Even when growth is difficult, I need to push myself to do it
I'm driven to improve my quality of life and myself, but it often demands effort
I’m constantly going through physical, spiritual, and mental growth. Removing or changing learned behavior and patterns, for example, has allowed me to become a better version of myself. However, I’ve been walking with limits on my body for years because of sickle cell disease, which subconsciously has led me to resist change and exploring outside my comfort zone.
These physical and emotional limits, I know, are designed to protect me. As I grow older, I recognize my body isn’t as flexible as it used to be, so it’s easier to be less active — especially as I’m so easily fatigued by the strains of life. Mentally and spiritually, I’ve still got a lot of healing to do. The years of crises and unhealed wounds have left their scars and taken a toll, and it’s draining work to reflect on them.
So how do I let go of the weight and break this resistance? Where do I begin the self-work necessary for a better quality of life? How do I improve physically without having a crisis or exacerbating my fatigue? How do I mentally enhance without revisiting some of my old triggers? How do I heal spiritually without fear or judgment?
Strategies for self-improvement
Over the past two years, I’ve pushed myself in several physical challenges, including fitness, swimming, and volleyball. I’ve been hoping to prove that I can do whatever I want. Only some of these activities have been successful or long-lived, though. Usually, it ends with me having a crisis and quitting — or worse, the challenge remains just a thought.
Exercise and nutrition are essential to coaxing the body to heal itself. What’s worked for me is a routine that’s easy to stick to. Then I can build on that routine, gradually advancing in it so my body has time to adapt to a new normal.
Currently, I’m sticking to a minimum of two weekly visits to the gym and daily walks. It’s not the most complex challenge, but the step-by-step approach has been beneficial to me. I’ve experienced a reduction in my daily chronic pain, and I’m entering my best physical condition of the past few years.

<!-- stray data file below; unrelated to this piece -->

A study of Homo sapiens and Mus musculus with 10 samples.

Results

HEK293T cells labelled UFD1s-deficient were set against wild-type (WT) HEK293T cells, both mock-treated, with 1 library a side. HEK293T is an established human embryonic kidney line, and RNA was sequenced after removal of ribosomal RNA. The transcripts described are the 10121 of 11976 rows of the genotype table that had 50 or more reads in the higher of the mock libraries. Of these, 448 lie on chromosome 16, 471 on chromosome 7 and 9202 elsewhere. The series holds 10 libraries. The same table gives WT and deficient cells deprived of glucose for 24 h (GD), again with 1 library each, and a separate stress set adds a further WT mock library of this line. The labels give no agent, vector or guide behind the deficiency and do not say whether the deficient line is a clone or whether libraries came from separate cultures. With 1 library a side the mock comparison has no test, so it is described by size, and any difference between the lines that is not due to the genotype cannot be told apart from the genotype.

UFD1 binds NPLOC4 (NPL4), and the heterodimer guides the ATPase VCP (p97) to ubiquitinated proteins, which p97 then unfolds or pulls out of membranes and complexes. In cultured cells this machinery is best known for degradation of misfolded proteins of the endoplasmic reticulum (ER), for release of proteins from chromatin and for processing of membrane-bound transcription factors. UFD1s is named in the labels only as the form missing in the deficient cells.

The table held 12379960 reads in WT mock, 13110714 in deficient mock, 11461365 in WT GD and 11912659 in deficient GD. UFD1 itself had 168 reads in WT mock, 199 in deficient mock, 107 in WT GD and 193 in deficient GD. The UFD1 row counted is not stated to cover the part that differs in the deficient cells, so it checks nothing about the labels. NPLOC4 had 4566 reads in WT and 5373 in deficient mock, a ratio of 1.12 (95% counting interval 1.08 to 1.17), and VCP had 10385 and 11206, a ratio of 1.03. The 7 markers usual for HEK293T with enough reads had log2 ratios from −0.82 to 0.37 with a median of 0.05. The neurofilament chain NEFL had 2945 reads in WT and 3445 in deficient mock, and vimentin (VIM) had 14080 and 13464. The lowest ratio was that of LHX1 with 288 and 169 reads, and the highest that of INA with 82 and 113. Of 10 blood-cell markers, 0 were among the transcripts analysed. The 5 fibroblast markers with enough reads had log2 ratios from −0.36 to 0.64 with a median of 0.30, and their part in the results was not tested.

I recognize that after each crisis, I feel a little bit of residual, mental hurt. Regular talk therapy sessions have challenged me to identify patterns and behaviors developed in my childhood that trigger that hurt. For me, one pattern has been my people-pleasing habit — not being able to say no, not wanting to be a burden, downplaying my pain.
These themes, at times, can be overwhelming to address, as they involve years of experiences that I have to rethink and unpack. Understanding the impact of sickle cell on my mental health and behavior patterns encourages me to think differently. On this journey, I’m rewiring how I interact with the world and foster positive relationships.
My faith has played a big part in my resilience in life with sickle cell. It’s given me a positive sense of self to counterbalance the negative feelings from my life’s challenges. I experienced unexpected healing while advocating for sickle cell support in a church; since then, my spiritual journey has grown even more over the years.
To believe beyond my assumed capabilities gives me that extra edge in pushing through difficult times with sickle cell. Part of what it means to live in this world is a desire to learn, to be a little better. As I build positive patterns and behaviors, I’m encouraged by what I’ve seen already. I just needed to push to start.
Note: Sickle Cell Disease News is strictly a news and information website about the disease. It does not provide medical advice, diagnosis, or treatment. This content is not intended to be a substitute for professional medical advice, diagnosis, or treatment. Always seek the advice of your physician or other qualified health provider with any questions you may have regarding a medical condition. Never disregard professional medical advice or delay in seeking it because of something you have read on this website. The opinions expressed in this column are not those of Sickle Cell Disease News or its parent company, BioNews, and are intended to spark discussion about issues pertaining to sickle cell disease.